Over the last several days, bipartisan condemnation of the IRS has been everyone’s favorite sport in Washington, D.C. One Senator in particular is taking the lead on the issue of violation of the public trust – Senator Max Baucus (D-MT), who met with the IRS’ Acting Commissioner on Tuesday. The Senator has also said the committee he chairs, the Senate Finance Committee, will be holding a hearing on what took place.

The Senator hasn’t minced any words:

Sen. Max Baucus (D-Mont.), whose powerful committee has jurisdiction over taxes, called the IRS’s actions an “outrageous abuse of power and a breach of the public’s trust.” He said “targeting groups based on their political views is not only inappropriate but it is intolerable.”

“Americans expect the IRS to do its job without passion or prejudice,” Baucus said. “We need to get to the bottom of what happened here.”

He is exactly right. Going after groups based upon political affiliation is absolutely wrong. So the Senator should probably go after the guy who was Chairman of the Senate Finance Committee in 2010, who at the time asked the IRS to:

conduct a broad review into “major” tax-exempt organizations to determine if any were misusing their tax-exempt status….[He] said “political campaigns and powerful individuals should not be able to use tax-exempt organizations as political pawns to serve their own special interests.

Absolutely right. The Senate Finance Committee’s 2010 Chairman should be ashamed for being part of this unethical scandal. Let’s see – who was Chairman of the Finance Committee at the time…

 Picture courtesy of the Senate Finance Committee website

 So, how does one investigate themselves?

Well, I’m sure Senator Baucus is the only hypocrite here – I’m sure other Senate Democrats are more consistent. Let’s see what Senator Jeanne Shaheen (D-NH) had to say about the IRS:

On Monday, Senator Shaheen called the actions “completely unacceptable” and said an investigation must follow.

“I think Congress has an oversight responsibility to make sure that investigation gets done and to make sure if there are people responsible, that they are punished appropriately.”

Right on, Senator! I’m sure you believed this before last year’s elections, too, right? Right?

A group of seven Senate Democrats urged the Internal Revenue Service on Monday to impose a strict cap on the amount of political spending by tax-exempt, nonprofit groups.

The senators said the lack of clarity in the IRS rules has allowed political groups to improperly claim 501(c)4 status and may even be allowing donors to these groups to wrongly claim tax deductions for their contributions. The senators promised legislation if the IRS failed to act to fix these problems.

“We urge the IRS to take these steps immediately to prevent abuse of the tax code by political groups focused on federal election activities.  But if the IRS is unable to issue administrative guidance in this area then we plan to introduce legislation to accomplish these important changes,” the senators wrote.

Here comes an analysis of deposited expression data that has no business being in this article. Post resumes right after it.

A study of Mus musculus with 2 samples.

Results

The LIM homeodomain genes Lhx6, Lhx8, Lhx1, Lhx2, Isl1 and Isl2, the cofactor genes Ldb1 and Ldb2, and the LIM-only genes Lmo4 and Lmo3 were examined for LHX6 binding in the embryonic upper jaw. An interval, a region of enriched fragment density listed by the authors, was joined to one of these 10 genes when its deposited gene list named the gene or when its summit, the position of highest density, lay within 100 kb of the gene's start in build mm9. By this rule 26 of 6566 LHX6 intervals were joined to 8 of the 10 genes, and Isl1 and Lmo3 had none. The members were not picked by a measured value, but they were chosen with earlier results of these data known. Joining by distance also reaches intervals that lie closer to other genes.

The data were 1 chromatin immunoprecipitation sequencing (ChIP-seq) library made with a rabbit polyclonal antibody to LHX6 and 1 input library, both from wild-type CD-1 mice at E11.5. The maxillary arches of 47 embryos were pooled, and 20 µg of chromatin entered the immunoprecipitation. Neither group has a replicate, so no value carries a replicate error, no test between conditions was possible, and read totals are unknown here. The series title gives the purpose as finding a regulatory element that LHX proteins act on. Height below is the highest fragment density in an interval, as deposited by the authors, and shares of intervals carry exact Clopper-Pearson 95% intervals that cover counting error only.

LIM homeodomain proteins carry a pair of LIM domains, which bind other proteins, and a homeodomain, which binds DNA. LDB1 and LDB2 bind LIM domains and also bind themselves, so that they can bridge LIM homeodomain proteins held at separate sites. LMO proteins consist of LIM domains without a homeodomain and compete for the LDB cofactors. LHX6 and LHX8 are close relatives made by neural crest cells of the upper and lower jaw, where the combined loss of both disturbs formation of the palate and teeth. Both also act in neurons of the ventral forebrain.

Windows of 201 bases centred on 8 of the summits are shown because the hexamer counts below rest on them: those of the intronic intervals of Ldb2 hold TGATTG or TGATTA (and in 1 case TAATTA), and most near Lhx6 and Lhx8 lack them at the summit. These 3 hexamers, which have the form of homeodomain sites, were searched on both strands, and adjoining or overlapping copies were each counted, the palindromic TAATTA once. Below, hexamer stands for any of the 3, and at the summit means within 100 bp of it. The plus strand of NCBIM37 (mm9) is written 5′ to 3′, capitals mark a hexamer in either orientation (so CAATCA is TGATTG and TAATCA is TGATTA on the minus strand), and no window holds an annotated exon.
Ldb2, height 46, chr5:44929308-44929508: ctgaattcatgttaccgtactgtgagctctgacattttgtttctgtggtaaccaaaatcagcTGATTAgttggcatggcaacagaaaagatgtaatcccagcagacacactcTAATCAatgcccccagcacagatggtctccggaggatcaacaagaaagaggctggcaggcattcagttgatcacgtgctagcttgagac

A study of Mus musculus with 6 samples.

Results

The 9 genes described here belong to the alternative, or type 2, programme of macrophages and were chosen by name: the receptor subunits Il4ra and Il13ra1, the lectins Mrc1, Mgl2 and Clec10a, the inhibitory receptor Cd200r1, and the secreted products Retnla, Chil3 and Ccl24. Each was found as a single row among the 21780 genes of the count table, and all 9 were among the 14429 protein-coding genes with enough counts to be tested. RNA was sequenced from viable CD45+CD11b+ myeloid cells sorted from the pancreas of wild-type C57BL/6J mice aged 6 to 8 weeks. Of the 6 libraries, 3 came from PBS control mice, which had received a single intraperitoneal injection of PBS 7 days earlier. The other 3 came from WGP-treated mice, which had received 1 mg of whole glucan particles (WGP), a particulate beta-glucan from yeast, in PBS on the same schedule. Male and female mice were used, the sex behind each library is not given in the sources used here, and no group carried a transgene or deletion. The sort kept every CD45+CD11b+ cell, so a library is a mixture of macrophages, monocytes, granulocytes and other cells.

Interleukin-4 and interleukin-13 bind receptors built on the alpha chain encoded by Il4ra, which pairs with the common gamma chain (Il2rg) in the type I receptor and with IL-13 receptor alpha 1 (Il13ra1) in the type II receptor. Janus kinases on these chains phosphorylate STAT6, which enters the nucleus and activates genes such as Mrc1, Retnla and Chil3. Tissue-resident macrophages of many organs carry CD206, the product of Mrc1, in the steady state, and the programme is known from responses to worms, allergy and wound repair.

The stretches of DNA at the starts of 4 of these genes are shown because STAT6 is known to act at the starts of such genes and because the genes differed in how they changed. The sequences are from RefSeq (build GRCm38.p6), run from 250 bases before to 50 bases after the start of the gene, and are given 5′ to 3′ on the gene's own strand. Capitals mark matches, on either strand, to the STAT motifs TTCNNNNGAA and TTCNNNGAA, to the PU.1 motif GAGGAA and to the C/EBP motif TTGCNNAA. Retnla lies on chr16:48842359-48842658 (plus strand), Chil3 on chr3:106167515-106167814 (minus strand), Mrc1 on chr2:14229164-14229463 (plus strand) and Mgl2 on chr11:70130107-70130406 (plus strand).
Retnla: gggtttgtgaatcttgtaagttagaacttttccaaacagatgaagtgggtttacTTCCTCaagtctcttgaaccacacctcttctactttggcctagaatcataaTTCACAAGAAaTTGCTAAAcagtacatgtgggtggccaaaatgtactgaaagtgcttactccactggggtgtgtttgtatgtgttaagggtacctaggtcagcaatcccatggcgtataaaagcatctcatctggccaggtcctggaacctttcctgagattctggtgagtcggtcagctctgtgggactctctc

The letter was signed by Senators Charles E. Schumer, Michael Bennet, Sheldon Whitehouse, Jeff Merkley, Tom Udall, Jeanne Shaheen and Al Franken. It follows an earlier letter, sent to the IRS by the same of group of senators last month, that also urged the IRS to better enforce rules pertaining to 501(c)4 organizations.

Huh. That’s weird. Looks like amnesia is kicking in early for a couple of our esteemed Senators. Well, they’re probably the only ones. It’s not like three Democrats are this hypocritical:

In a statement, Levin and U.S. Sen John McCain said the Senate Permanent Subcommittee on Investigations will look this June into the IRS’ actions, alongside a previous scheduled hearing on on 501(c)4 non profit groups in June.

The statement reads:

We had tentatively planned a hearing on that issue for June. After Friday’s announcement that the IRS, to the extent it has been enforcing the law, may have done so in ways that singled out some groups for special scrutiny, we have determined that the subcommittee should investigate that additional issue as well.

On Friday, Levin called for investigations into the IRS’ practices.

Facepalm:

“Organizations are using Internal Revenue Code section 501(c)(4) to gain tax exempt status while engaging in partisan political campaigns,” wrote Levin in one letter http://capitolwords.org/date/2012/09/19/S6428_internal-revenue-service-and-501c4-organizations/ on July 27, 2012. “Making the problem worse is that the IRS knows there is a problem because of the public nature of the activity but has failed to address it.”

He asked whether the 12 organizations “applied for [tax-exempt status]; and if so … received the described exemption for political activity from the IRS.”

Levin’s list contained nine conservative groups, including Club for Growth, Americans for Tax Reform, and Americans for Prosperity. It also included two liberal groups and one centrist group.

Need I say more? While these Democrats, and others, can certainly claim they didn’t cause the IRS to investigate “Tea Party” and “Patriot” groups more than others, these bureaucrats know how to read between the lines. Furthermore, as Ross Douthat pointed out this week, the culture of distrust and hatred created by these politicians and their allies against the Tea Party didn’t help matters.

Note: Tea Party Patriots reached out to Senator Baucus’ office to clarify the flip-flop from 2010 to 2013. As of press time, his office had not provided comment.

(H/T to Brian Walsh’s U.S. News & World Report op-ed for links and information on Senators Baucus and Shaheen.)